It happens about every two years. Moving in its smaller and faster orbit around the sun, Earth “turns the corner” ahead of Mars, placing the sun between us and the red planet. At these times, Mars is gone from our night sky, traveling across the sky with the sun during the day. Astronomers call this event a conjunction; Mars will be precisely in conjunction with the sun on September 2, 2019. For space engineers, though – those responsible for Earth’s fleet of active spacecraft now orbiting or roving on Mars – having the sun between us and Mars poses a potential risk. The risk is that – due to radio interference from hot, ionized gas in the sun’s corona, or outer atmosphere – a command from Earth might become garbled, causing a spacecraft to respond in an unexpected way. To be safe, NASA engineers say they’ll hold off sending commands to Mars spacecraft from August 28 to September 7, 2019. Roy Gladden, manager of the Mars Relay Network at NASA’s Jet Propulsion Laboratory in Pasadena, California, said:
It’s that time again. Our engineers have been preparing our spacecraft for conjunction for months. They’ll still be collecting science data at Mars, and some will attempt to send that data home. But we won’t be commanding the spacecraft out of concern that they could act on a corrupted command.
So the chatter that typically goes on between Earth and Mars will be silent in the coming weeks. What will NASA’s Mars craft do in the meantime?
A statement from NASA on August 23 explained:
Although some instruments aboard spacecraft – especially cameras that generate large amounts of data – will be inactive, all of NASA’s Mars spacecraft will continue their science; they’ll just have much simpler ‘to-do’ lists than they normally would carry out.
On the surface of Mars, the Curiosity rover will stop driving, while the InSight lander won’t move its robotic arm. Above Mars, both the Odyssey orbiter and the Mars Reconnaissance Orbiter will continue collecting data from Curiosity and InSight for return to Earth. However, only Odyssey will attempt to relay that data to Earth before conjunction ends. Meantime, another orbiter, MAVEN, will continue to collect its own science data but won’t support any relay operations during this time.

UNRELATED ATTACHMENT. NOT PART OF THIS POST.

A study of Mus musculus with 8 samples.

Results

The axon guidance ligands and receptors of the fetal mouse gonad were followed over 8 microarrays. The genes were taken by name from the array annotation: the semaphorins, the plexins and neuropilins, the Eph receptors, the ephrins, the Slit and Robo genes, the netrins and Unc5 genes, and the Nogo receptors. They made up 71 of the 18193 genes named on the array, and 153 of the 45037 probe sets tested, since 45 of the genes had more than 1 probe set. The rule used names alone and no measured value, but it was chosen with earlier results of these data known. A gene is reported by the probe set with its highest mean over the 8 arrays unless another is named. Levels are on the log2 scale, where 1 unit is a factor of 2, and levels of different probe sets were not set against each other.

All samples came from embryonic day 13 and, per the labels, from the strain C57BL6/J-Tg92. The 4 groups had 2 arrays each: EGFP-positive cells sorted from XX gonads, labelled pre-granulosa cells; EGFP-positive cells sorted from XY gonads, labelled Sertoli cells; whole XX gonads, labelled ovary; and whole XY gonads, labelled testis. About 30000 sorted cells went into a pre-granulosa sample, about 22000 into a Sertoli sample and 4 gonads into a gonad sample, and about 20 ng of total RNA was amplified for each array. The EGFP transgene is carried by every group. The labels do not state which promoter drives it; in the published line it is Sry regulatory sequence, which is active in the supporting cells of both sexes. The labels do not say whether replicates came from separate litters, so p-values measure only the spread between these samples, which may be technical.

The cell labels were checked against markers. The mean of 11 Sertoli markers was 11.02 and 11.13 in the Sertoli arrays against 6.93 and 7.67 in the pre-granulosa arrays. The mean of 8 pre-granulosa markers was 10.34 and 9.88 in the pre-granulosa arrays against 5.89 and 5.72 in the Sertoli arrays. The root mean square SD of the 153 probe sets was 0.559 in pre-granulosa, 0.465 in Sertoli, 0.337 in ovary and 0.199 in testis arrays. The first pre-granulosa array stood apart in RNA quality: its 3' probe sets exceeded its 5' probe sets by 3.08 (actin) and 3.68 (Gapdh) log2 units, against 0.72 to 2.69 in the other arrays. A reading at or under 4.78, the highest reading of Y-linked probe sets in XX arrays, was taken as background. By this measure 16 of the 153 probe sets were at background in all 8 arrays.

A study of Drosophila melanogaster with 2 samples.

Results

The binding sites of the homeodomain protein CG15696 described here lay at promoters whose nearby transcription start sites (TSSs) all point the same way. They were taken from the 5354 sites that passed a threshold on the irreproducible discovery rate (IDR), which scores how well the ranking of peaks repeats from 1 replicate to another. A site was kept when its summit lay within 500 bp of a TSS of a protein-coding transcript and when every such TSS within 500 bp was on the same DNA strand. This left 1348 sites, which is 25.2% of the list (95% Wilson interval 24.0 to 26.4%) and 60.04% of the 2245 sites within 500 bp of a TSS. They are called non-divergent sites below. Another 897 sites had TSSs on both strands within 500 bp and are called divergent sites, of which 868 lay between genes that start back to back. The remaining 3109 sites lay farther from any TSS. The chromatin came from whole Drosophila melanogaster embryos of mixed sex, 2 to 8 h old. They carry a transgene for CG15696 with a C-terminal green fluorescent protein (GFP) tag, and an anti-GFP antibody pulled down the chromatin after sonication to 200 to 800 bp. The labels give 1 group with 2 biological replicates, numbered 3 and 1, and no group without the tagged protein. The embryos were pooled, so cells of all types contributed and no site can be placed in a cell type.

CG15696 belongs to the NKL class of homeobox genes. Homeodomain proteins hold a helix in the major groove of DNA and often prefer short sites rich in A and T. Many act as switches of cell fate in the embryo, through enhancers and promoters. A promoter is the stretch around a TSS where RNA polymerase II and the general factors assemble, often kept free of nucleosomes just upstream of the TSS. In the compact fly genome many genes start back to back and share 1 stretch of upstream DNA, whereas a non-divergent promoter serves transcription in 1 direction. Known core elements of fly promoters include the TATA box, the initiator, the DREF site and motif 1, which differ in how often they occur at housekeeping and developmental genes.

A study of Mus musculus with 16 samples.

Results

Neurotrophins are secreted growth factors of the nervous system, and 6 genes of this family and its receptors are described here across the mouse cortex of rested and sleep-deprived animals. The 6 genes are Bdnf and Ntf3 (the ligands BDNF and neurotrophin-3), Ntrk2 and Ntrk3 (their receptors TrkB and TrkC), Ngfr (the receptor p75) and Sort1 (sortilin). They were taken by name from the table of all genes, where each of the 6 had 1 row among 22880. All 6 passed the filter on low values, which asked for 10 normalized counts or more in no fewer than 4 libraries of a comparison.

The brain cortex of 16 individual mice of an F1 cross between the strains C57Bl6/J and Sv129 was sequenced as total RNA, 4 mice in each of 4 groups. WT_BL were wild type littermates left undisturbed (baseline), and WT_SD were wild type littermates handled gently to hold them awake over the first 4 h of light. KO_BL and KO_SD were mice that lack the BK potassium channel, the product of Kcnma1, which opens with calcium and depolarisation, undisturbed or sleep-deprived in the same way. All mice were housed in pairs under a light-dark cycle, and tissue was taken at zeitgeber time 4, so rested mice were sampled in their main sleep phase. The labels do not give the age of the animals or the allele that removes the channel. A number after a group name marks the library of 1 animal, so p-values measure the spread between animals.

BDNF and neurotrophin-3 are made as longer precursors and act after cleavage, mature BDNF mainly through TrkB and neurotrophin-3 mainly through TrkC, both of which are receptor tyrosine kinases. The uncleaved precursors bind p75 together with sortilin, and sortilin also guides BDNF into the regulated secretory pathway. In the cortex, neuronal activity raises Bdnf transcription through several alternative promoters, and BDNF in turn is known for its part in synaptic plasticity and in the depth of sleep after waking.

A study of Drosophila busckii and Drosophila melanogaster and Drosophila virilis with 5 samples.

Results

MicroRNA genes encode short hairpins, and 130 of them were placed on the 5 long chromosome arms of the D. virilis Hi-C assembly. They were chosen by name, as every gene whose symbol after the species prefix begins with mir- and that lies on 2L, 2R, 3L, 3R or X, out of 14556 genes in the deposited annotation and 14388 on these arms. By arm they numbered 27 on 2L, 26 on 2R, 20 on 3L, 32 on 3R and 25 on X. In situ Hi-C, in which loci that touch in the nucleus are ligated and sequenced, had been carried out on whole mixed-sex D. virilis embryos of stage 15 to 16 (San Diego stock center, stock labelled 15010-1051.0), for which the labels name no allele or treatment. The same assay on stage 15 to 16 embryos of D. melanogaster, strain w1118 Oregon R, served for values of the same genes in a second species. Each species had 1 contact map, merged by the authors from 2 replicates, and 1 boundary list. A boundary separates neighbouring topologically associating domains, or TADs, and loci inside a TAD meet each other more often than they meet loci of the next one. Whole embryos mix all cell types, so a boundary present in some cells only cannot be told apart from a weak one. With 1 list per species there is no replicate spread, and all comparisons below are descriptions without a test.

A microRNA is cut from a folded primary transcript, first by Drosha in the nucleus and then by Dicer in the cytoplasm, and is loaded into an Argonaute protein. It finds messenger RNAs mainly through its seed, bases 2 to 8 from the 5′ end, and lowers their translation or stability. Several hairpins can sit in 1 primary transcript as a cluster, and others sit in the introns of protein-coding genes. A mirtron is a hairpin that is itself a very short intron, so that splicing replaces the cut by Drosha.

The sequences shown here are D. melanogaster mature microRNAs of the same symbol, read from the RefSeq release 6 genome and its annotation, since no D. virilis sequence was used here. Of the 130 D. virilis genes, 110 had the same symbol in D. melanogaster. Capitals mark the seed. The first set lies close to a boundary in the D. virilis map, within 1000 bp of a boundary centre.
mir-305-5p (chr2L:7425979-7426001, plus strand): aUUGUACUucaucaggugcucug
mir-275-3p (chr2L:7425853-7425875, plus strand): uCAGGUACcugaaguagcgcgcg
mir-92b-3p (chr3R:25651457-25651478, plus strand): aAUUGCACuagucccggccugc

All of this means that there will be a temporary pause in the stream of raw images available from Curiosity, InSight and the other Mars missions.
Mars solar conjunction impacts operations of all spacecraft currently at Mars, not just NASA’s.
Once conjunction is over, NASA said, the spacecraft will beam the data they’ve collected to NASA’s Deep Space Network, a system of massive Earth-based radio antennas managed by the Jet Propulsion Laboratory. Engineers will spend about a week downloading the information before normal spacecraft operations resume. NASA also said:
If the teams monitoring these missions determine any of the collected science data are corrupted, they can usually have that data retransmitted after the moratorium ends on September 7.
As for the engineers themselves, they intend to use this time to catch up on necessary tasks, or even take some R&R.
And when will Mars return to Earth’s night sky? It’ll take longer for Mars to become visible in our night sky than it will for signals to and from Mars to resume. You can expect to see Mars again in October. In fact, late October may feature your first decent chance to catch this world in the east before sunrise, as shown on the chart below.
For more about NASA’s Mars Exploration Program, visit:
Deborah Byrd created the EarthSky radio series in 1991 and founded EarthSky.org in 1994. Today, she serves as Editor-in-Chief of this website. She has won a galaxy of awards from the broadcasting and science communities, including having an asteroid named 3505 Byrd in her honor. A science communicator and educator since 1976, Byrd believes in science as a force for good in the world and a vital tool for the 21st century. "Being an EarthSky editor is like hosting a big global party for cool nature-lovers," she says.